Concerns over onshore gas in Gippsland

Tracey Anton, Toongabbie


I PARTICIPATED in the recent Gippsland Land Use Planning online workshop conducted by the Victorian Gas Program (VGP), which revealed some disturbing information.

Firstly, the onshore Gippsland area prospective for hypothetical gas supply of two to seven months is Seaspray.

For the Otways, seven months to four years. This is based on known geo-data, but doesn’t mean that gas actually exists there.

The VGP report number four has already noted this phantom onshore gas amount will not provide security for gas supply, nor bring down gas prices.

Given the workshops revealed Seaspray was ‘highly constrained’ with water, land and coastal sensitivities, should exploration continue in this vulnerable area only to discover a giant fart?

No, but it will be allowed when onshore gas begins.

The Macalister Irrigation District is also fully constrained according to land use scoring, but is not prospective for gas, so I asked if a land exemption should be applied by the Minister.

This was a reasonable question, but I received a totally unreasonable reply from the presenters as the whole exercise for the land use planning workshop is to work out where exploration should not be allowed.

What appears to be totally uneconomical for a miner in the MID can, according to the presenters, be an economical benefit for a farmer from a well being drilled.

This has nothing to do with the purpose and objectives of the Petroleum Act 1998 to actually extract gas, not provide welfare to a cashstrapped farmer under false pretences.

So, what’s the economics in all this?

With a government-approved gas exploration licence anywhere in Gippsland and Otway Basins, a miner can raise capital for investment without proving any gas exists, whereas, without a licence he can’t.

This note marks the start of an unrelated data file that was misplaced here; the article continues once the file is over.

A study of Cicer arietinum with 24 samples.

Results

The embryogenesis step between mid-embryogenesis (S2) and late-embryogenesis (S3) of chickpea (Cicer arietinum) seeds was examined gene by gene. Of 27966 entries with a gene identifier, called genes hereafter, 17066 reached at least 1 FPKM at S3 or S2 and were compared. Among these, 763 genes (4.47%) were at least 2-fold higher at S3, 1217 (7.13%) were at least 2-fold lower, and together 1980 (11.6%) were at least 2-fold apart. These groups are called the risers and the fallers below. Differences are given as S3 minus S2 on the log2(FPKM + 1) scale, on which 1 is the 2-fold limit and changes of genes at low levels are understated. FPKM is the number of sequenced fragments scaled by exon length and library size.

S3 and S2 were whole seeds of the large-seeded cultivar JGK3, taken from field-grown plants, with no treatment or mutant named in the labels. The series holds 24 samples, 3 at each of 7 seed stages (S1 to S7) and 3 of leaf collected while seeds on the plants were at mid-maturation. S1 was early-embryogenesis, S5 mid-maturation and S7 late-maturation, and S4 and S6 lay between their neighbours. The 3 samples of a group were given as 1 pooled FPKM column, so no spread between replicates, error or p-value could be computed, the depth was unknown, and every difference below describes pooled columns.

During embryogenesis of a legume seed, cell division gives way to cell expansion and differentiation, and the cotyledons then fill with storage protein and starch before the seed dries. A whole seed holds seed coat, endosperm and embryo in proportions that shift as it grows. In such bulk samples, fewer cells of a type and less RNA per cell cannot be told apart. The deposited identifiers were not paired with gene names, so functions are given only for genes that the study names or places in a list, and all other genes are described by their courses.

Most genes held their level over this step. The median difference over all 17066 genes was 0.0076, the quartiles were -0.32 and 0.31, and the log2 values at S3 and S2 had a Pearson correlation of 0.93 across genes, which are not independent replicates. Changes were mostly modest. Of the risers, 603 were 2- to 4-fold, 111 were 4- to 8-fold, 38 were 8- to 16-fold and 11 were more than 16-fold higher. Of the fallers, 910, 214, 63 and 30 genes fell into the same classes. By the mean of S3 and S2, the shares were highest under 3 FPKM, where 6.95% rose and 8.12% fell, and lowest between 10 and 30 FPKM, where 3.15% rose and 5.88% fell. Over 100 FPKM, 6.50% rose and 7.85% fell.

That’s why the MID, Strzelecki Ranges and South Gippsland can be explored, with all state politicians condoning this practice.

Miners can claim tax deductions from desktop studies, but come the time when the miner must ‘work the licence’, an exploration well needs to be drilled.

Then land access agreements need to be negotiated via government-trained lawyers with ‘contractual templates’ to ‘help’ you ‘sign away your rights’.

That is a total conflict of interest, with the Minerals Council Australia and Victorian Farmers Federation overseeing a trial process.

In the past, $7000 to $10,000 was the going rate negotiated for permission to drill a well on a farmer’s land.

But the farmer is not made aware that the leftover subsurface well infrastructure then becomes the responsibility of the landowner and any subsequent owner to maintain into perpetuity.

Nor would they be aware that the initial money made will be a pittance compared to the devaluing of the land with a permanent well insitu come the time to sell – your superannuation greatly reduced.

In response to Dr Amanda Caples, (May 26) chair of the Independent Stakeholder Advisory Panel (industry stacked towards gas), she was very protective of the integrity of the processes overseeing the studies.

I wonder now if she considered miners working the system at a landowner’s expense is fair or ethical?